Childhood sleep apnea
One of the perks of working for me is that I have kids, so "I get it.” When Sarah, the front office team member, needed Jason and Jett to be dropped off at the office, I immediately said yes.
Treating a Very Adult Problem for Our Youngest Patients
by Erin E. Elliott, DDS
One of the perks of working for me is that I have kids, so "I get it.” When Sarah, the front office team member, needed Jason and Jett to be dropped off at the office, I immediately said yes. Jett Ryder (yes, that's his real name as his father works on planes) and Jason are great kids. I usually sneak away to play video games with Jason in our kid's waiting area, and he almost always beats me. I call him Michael Jordan because his tongue is always sticking out when he plays.
Between 20% and 50% of the pediatric and adolescent population may have a sleep disorder, but because sleep disorders in this age group are hard to catch, they often go undiagnosed. These sleep disorders can include insomnia, periodic limb movement disorder, restless leg syndrome, and sleep related breathing disorder (SRBD), which includes obstructive sleep apnea. Unlike in adults, these present themselves differently in the younger population but can still have adverse health effects and lead to problems as adults.
Living in northern Idaho away from family and in-laws means we have to get on a plane to visit loved ones. In the past I tried to encourage sleep in my two boys for the long flight back East by giving them Benadryl. I was shocked to learn that Benadryl can actually cause hyperactivity instead of drowsiness. Ask me how I learned this. Because a child's nervous system is still undeveloped, they may not react the way you think, as symptoms of SRBD present differently in children as compared to adults. The chief complaint in adults is fatigue and snoring. Daytime symptoms of inadequate quality sleep in children can present as ADHD and ADD, hyperactivity, behavioral issues and irritability, neurocognitive impairment, and poor school performance. Notice I said "quality sleep.” Jason got nine to 10 hours of sleep a night and slept through the whole night. His mom told me he had no problems sleeping and fell asleep easily at night and didn't nap during the day. But as we dug a little deeper, we found that he was struggling to get oxygen, and therefore, proper sleep.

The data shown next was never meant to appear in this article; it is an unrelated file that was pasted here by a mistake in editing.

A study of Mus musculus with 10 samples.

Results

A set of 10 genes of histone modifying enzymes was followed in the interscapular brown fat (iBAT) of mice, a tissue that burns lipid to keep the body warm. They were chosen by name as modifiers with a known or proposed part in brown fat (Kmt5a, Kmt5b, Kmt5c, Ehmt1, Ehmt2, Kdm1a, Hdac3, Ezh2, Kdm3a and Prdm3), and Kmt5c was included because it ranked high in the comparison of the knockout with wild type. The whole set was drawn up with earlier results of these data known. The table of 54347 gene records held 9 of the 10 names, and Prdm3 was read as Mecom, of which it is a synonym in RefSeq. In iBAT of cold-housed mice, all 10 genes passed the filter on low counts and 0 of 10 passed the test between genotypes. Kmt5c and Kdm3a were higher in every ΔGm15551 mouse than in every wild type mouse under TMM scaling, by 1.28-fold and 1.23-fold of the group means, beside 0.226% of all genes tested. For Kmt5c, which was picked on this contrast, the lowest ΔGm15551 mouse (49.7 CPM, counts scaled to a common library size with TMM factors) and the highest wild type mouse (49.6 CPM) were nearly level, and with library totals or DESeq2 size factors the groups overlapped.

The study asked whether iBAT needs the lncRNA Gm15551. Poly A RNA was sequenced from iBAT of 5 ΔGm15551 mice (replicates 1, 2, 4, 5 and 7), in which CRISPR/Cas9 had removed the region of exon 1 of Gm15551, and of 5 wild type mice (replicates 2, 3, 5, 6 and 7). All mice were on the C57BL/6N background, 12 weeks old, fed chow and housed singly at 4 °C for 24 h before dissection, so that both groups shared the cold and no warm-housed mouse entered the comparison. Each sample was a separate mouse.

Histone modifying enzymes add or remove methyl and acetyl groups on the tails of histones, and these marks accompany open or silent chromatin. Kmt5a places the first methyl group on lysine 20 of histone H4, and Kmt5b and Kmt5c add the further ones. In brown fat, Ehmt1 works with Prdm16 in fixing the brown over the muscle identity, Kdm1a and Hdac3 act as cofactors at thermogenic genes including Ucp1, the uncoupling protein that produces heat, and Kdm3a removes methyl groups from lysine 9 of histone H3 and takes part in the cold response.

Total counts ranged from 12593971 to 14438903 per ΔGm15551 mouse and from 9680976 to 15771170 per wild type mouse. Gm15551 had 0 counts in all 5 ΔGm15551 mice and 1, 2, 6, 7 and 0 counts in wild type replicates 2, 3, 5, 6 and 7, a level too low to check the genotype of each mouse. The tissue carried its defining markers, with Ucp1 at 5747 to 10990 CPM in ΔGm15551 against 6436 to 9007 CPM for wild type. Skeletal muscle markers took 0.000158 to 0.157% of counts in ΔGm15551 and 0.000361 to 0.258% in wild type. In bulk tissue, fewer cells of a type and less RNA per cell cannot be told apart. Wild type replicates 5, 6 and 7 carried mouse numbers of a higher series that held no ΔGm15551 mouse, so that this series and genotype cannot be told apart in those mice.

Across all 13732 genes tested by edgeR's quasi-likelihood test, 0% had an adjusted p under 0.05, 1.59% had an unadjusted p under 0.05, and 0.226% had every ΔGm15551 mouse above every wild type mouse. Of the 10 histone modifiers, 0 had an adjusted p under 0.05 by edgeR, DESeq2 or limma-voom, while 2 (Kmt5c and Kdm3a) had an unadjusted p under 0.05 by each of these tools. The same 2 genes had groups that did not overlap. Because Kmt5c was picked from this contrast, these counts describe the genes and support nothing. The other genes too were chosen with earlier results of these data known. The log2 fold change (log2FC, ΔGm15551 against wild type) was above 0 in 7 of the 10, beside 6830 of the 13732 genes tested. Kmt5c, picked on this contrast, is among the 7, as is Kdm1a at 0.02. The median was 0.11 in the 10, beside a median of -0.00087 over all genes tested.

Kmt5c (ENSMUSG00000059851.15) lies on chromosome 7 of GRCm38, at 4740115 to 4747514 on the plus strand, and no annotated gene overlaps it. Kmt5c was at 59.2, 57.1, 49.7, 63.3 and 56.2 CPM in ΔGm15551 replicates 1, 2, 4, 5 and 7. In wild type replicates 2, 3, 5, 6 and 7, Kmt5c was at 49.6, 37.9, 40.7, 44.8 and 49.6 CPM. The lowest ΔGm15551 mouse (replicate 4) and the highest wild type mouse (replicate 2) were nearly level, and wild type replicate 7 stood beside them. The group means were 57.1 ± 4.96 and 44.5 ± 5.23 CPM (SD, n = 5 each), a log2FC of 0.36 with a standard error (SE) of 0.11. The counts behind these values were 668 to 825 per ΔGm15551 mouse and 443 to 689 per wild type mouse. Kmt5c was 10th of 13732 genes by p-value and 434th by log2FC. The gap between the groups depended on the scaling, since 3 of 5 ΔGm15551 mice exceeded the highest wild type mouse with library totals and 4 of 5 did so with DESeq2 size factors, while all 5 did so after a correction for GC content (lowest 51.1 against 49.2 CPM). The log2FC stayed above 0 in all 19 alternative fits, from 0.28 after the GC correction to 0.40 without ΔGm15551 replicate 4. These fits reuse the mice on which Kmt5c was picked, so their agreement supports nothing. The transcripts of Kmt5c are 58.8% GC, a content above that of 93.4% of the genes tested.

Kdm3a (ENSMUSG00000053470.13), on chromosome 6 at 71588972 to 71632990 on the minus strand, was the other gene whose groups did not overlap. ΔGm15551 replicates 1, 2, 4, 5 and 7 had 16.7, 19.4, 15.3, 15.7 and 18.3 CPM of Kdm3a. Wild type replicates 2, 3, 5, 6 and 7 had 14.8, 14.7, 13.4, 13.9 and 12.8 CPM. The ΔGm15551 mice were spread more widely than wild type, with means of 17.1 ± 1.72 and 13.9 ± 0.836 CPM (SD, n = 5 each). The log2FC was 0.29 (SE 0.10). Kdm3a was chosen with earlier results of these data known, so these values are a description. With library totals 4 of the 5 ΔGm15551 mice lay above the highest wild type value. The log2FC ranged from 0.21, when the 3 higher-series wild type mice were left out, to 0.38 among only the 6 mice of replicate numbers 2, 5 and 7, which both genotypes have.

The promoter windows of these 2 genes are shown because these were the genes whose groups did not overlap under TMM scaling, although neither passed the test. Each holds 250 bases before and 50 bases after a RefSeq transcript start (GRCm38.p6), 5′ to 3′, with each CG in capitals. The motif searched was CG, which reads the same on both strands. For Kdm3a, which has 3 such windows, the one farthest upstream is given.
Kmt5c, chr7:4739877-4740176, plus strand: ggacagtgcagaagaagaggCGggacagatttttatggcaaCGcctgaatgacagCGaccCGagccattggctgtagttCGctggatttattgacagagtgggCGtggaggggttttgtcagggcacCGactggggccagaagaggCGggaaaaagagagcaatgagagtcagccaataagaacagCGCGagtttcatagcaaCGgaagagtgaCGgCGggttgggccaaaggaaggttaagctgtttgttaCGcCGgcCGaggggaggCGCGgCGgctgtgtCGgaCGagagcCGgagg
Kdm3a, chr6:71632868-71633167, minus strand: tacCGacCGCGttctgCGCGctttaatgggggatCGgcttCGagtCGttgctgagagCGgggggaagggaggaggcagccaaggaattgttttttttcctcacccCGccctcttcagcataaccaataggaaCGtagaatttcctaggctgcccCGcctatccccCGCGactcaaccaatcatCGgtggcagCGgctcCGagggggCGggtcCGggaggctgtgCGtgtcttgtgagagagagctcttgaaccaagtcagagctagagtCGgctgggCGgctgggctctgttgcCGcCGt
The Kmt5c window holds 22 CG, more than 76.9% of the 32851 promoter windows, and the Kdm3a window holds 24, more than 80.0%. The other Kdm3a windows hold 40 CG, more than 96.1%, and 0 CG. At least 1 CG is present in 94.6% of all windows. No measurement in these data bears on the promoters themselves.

Thanks to my training in sleep apnea and dental sleep medicine, I realized that there was more to the story of Jason's tongue hanging out. Jason didn't just stick out his tongue when he was playing video games; he stuck it out all the time. I noticed he had his mouth hanging open, tongue out, a runny nose, a muffled voice, and "allergic shiners” or bags under his eyes. During his dental exam, I saw him in a whole new light for the first time. His palate was vaulted, he had a full maxillary/mandibular cross-bite, some acid erosion or pitting in the cusps of his molars, anterior gingivitis due to his mouth breathing, and huge tonsils! When I pointed this out to his mother, she told me he snored like a train but the pediatrician was never concerned because he didn't get sore throats. Who cares about sore throats? This boy can't breathe!
A new American Academy of Pediatrics (AAP) guideline recommends that children who snore be tested for obstructive sleep apnea. The clinical practice guideline, "Diagnosis and Management of Childhood Obstructive Sleep Apnea,” was published in the September 2012 issue of Pediatrics. The guideline recommends in-lab polysomnography for children with daytime learning problems, labored breathing during sleep, and disturbed sleep with frequent gasps, snorts, or pauses. The guidelines also call for children and adolescents to be screened for snoring as part of routine physician visits, but these guidelines are not always followed and many children's sleep issues goes unnoticed and undiagnosed.
The AAP recommends adenotonsillectomy as the first-line treatment for children with sleep apnea. Pediatricians may also recommend weight loss in obese patients or CPAP if surgery is ineffective or not conducted. Fortunately I work with some great ENT surgeons. We were able to refer Jason directly to an ENT who set him up for a tonsillectomy and adenoidectomy, and I was able to observe the surgery. In addition, we expanded Jason's palate orthodontically to reduce his nasal obstruction and improve tongue space.
He is now doing wonderfully. He's eating better because he can actually swallow food, growing because he's actually getting restful sleep, and going to sleepovers because he's no longer embarrassed.
If you know any kids like Jason, please educate the parents and get them help. As dentists, we may very well be the only exposure patients and parents have to learn about this.
Erin E. Elliott, DDS, is a partner at Post Falls Family Dental Center and Sleep Better Northwest in Post Falls, ID, where she practices family dentistry. She has a special interest in screening and treating people with sleep apnea and snoring. She's a member of the American Dental Association, American Academy of Sleep Medicine, and the American Academy of Dental Sleep Medicine. You can reach her at firstname.lastname@example.org or find more information at www.sleepbetternw.com.